Ultimately, these concepts reduce the Asian community as a whole to a monolith, assuming that all Asian identities are interchangeable. It’s important to note that Hollywood also focuses heavily on East and Southeast Asians and often excludes other communities like South Asia. The mixed Asian experience almost always centers whiteness. “Probably one of the largest issues to me right now is the creation of a monolithic identity surrounding Asians in general, and then also surrounding individual subcultures,” says Johnnie Yu, a History and Cinema Studies student at NYU and Co-President of NYU’s Chinese Student Society. “Asia is an emerging market with a lot more potential to move between social classes in society, and the issue is those who don’t fit this image are silenced or marginalized. Asian Americans who grew up in America are very much different from international Asians who grew up abroad but come to the U.S. to work or to study. All of these people face different struggles, have different historical and cultural discourses, experience different desires, needs, and wants in life.”

pALWAYS BE MY MAYBE from left Ali Wong Randall Park 2019. Netflix Courtesy Everett Collectionp

ALWAYS BE MY MAYBE, from left: Ali Wong, Randall Park, 2019. © Netflix / Courtesy Everett Collection

©Netflix/Courtesy Everett Collection / Everett Collection

In recent years, there’s been a major shift in Asian American storytelling all across film and television especially when it comes to female characters. Asian women are now the protagonists, not side characters. Films and shows like Crazy Rich Asians (2018), Always Be My Maybe (2019), To All The Boys I’ve Loved Before (2018), and Never Have I Ever (2020) reveal fresh perspectives and prove to be successful without reinforcing harmful stereotypes. “The first images of Asians were played by white actors in yellowface in villainous, exotic, and demeaning ways,” Yuen tells Teen Vogue. “When Asian Americans started playing themselves, they were saddled with the same stereotypes and had to go outside the Hollywood system to create their own projects to tell their own stories.”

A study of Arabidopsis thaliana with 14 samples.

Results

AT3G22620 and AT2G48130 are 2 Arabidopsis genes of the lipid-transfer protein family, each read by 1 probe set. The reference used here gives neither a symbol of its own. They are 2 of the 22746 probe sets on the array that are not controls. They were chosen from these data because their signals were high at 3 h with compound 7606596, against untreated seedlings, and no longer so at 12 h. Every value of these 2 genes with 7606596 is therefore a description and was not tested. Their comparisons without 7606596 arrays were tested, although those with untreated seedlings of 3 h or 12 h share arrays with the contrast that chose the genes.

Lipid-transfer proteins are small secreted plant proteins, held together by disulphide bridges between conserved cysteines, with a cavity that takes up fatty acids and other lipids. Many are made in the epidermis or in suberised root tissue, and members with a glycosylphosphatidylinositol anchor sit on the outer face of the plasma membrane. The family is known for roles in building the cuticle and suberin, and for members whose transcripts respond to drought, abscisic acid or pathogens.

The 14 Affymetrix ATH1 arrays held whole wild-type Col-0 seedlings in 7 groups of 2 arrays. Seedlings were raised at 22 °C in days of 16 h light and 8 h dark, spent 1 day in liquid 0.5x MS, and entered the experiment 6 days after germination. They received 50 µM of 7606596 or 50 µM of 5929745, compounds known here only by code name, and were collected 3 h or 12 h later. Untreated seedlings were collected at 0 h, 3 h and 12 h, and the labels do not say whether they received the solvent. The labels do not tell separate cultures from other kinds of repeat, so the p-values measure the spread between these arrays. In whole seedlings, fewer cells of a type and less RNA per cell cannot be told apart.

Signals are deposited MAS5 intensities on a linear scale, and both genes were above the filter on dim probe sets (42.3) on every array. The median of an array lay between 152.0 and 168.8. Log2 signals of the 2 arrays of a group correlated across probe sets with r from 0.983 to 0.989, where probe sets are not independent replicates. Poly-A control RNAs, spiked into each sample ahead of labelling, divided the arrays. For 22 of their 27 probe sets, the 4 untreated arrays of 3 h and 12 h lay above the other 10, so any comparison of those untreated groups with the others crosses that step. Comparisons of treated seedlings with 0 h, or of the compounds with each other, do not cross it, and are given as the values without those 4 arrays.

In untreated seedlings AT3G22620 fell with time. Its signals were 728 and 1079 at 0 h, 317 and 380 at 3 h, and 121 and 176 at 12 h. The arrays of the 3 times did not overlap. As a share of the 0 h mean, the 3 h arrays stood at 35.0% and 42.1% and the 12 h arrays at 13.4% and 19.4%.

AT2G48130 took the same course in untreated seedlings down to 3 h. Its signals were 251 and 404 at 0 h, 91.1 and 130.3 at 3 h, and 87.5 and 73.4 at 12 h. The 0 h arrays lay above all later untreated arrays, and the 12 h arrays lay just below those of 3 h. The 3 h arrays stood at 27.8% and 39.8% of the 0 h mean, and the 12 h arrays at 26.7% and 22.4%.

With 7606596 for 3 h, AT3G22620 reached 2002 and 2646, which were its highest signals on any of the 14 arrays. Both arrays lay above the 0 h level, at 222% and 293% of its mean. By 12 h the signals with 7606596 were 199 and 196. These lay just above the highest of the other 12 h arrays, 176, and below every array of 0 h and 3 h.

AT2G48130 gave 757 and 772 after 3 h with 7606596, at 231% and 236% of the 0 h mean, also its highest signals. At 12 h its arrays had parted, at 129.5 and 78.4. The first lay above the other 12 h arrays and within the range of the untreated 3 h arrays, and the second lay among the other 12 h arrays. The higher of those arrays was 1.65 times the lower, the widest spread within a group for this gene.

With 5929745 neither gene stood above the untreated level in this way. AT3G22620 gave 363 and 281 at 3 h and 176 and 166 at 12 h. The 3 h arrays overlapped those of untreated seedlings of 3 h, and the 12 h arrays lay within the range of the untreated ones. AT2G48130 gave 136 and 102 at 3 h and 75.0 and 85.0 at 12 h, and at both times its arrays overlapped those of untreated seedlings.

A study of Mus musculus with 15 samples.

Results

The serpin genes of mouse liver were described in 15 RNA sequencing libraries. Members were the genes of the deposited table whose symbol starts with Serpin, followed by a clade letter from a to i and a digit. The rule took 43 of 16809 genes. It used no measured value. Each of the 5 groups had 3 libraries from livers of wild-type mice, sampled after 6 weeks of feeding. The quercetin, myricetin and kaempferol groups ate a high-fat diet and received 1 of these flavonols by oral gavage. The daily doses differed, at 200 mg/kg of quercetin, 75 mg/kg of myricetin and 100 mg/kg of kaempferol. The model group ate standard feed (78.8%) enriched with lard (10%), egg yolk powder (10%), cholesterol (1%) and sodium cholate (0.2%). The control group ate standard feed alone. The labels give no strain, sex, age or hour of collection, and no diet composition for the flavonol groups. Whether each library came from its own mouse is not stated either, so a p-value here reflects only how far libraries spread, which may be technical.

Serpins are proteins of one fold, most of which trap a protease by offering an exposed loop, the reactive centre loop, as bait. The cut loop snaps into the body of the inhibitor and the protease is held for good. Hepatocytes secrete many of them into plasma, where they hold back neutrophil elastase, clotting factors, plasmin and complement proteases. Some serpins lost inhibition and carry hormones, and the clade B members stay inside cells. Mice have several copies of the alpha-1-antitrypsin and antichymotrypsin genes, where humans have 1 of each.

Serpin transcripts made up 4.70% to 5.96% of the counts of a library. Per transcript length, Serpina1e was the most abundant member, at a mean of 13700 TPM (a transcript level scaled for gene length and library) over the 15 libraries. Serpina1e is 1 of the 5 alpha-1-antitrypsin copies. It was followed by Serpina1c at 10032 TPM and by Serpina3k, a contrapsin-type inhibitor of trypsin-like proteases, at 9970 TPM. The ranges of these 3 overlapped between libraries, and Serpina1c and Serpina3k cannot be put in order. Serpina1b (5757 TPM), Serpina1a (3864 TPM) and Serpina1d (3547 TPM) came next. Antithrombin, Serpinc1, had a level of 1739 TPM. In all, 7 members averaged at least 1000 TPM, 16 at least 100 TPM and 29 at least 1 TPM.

Young adds that “We are seeing more nuanced, realistic, and complex representations. We are seeing more stories that humanize the diversity of Asian American experiences. We are definitely seeing less stereotypical depictions, but we have a long way to go.”

Despite calls for more diversity and representation, there are still long ways to go when it comes to inclusivity and accurately reflecting the Asian American experience. “We’re all super excited about Asian-focused shows and films, because there has never been such an interest in our culture, and we appreciate it,” says Yu. “But with that said, it’s all fun and games until someone from outside your culture joins in. It’s not that we’re exclusive and don’t welcome others in, but more so that with the colonial past and the still existing colonial power structure between the East and the West, it’s hard to not see jokes through colonial optics.”

Representation in Hollywood is crucial in shaping narratives that bleed into reality, and it must humanize the Asian experience beyond the screen. “A lot of ‘representation’ on-screen right now is achieved superficially,” Yu explains. “The least they should do is hire Asian writers in the writing room and take their inputs seriously. It’s arguably worse when white writers speak through the voice of Asian characters and make racist jokes as some sick form of textual passing.”

“While it is important to have a wider variety of Hollywood and media depictions of Asian Americans, greater representation and visibility is not the solution to racism,” says Young. “We need to look at systemic racism and how that is embedded in our institutions—within the legal system, healthcare, education, and government. We need to address the economic inequalities of immigrant populations. We need to critically examine the ways in which the ‘model minority’ rhetoric is problematic. Finally, we need to stand up against the rise of racist, anti-Asian, and white supremacist discourses and violence because words and action matter.”